In Our Daughter’s Eyes, composed by Pulitzer prize winning composer Du Yun and librettist Michael Joseph McQuilken, is a probing one-act monodrama, which interrogates what manhood and fatherhood mean in the 21st-century. Formidable baritone Nathan Gunn plays the protagonist, a father who recounts his wife’s joyful, soon turned turbulent pregnancy, and the personal challenges he had to wrestle with along the way.
The opera uses a tableau-like dramaturgical structure to move through the protagonist’s different emotional stages of reckoning with his own flaws, and the prospect of a stillborn daughter.
As the creative team revealed in the opera talkback session on 11 January, their real experiences get translated into the dramaturgy of the opera. McQuilken and his wife were both dealing with their second miscarriage when he was writing the libretto, which tapped into something operatic to him at the time. Du Yun, on the other hand, was reflecting on her own relationship with her father when she was composing the opera, thus enabling her to relate to the subject matter in a poignant way.
Diverse media forms are used strategically in the performance. One constant thread throughout is the journal, which the protagonist uses to document his ongoing thoughts and struggles. Through visual projections of his journal scribbles, we are let into his inner world, which sometimes deviate from what he sings, lending much nuance to his character.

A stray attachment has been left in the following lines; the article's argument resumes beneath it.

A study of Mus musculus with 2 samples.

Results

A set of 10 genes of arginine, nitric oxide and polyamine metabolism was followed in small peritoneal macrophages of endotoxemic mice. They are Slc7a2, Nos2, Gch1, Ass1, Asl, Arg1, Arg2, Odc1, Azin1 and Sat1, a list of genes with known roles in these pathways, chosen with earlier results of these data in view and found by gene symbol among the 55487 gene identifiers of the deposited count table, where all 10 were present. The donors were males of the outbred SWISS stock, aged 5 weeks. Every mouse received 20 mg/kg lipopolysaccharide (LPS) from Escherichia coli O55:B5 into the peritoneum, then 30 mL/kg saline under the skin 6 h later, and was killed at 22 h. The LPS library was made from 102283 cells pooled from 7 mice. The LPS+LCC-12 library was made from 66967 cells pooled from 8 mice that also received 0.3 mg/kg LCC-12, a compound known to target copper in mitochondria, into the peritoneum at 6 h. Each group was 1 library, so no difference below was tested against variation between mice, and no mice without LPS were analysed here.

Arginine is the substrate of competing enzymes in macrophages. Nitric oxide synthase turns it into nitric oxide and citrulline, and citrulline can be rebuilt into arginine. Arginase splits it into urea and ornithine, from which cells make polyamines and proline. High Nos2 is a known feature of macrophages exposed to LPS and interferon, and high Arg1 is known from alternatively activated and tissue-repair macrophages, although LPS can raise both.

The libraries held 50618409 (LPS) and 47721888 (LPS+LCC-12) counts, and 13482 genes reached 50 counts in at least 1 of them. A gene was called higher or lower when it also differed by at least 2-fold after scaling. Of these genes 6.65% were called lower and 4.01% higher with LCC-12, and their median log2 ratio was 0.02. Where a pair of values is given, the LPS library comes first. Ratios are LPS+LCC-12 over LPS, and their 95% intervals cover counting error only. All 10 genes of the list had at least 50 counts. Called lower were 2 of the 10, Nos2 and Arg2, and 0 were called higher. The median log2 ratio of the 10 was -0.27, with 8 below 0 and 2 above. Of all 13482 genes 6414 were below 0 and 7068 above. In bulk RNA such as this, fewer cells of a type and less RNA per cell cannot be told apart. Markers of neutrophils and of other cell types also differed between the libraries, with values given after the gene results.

A kind of improvisatory ethos is invoked in the medium of journaling, for Gunn turns to it every now and then to jot down what he is feeling. We are momentarily led to believe that we are experiencing what he is experiencing in the here-and-now. The scratching sounds his pen makes on the paper—what we could call real sounds— further imbues a heightened realism in his performance and storytelling.
Gunn’s vocal versatility is fully exemplified in the sheer range of genres he commands. His lush, warm baritone voice brings much tenderness to the father character. But Gunn is also capable of explosive rock singing, much to our surprise.
After learning that his child is “incompatible with life,” the protagonist engages in heavy drinking in the bar. We are greeted by violent strobe lighting effect on stage, as the music too takes a monstrous turn. Gunn growls aggressively into the beer bottle, transforming into a completely different vocal persona on stage. Audiences are instantaneously transported into the punk-edged rock soundworld, the sleazy bar, and the character’s tormented psyche. This scene reminds me of the Girl’s punk singing number (“Brick J”) in Du Yun’s Pulitzer-winning opera, Angel’s Bone (2015), which likewise evokes a haunting quality.
The most moving moment in the opera, paradoxically, lies in a silent scene. It occurs when we learn that the protagonist’s wife wishes to gift their daughter’s eyes to someone else who needs it. As Du Yun revealed, no words or music can ever attempt to capture the intense grief the protagonist experiences at this moment. Hence, silence.
Du Yun’s inability to find expression for grief leads outwards to bigger questions like, how do we use music to represent pain and the ineffable? Is it truly possible? Can silence, then, be expressive? I believe asking these questions are critical, as creative artists are increasingly turning to the performing arts to envoice traumatic happenings around our world today.
This post was written by the author in their personal capacity.The opinions expressed in this article are the author’s own and do not reflect the view of The Theatre Times, their staff or collaborators.
This post was written by Jingyi Zhang.
The views expressed here belong to the author and do not necessarily reflect our views and opinions.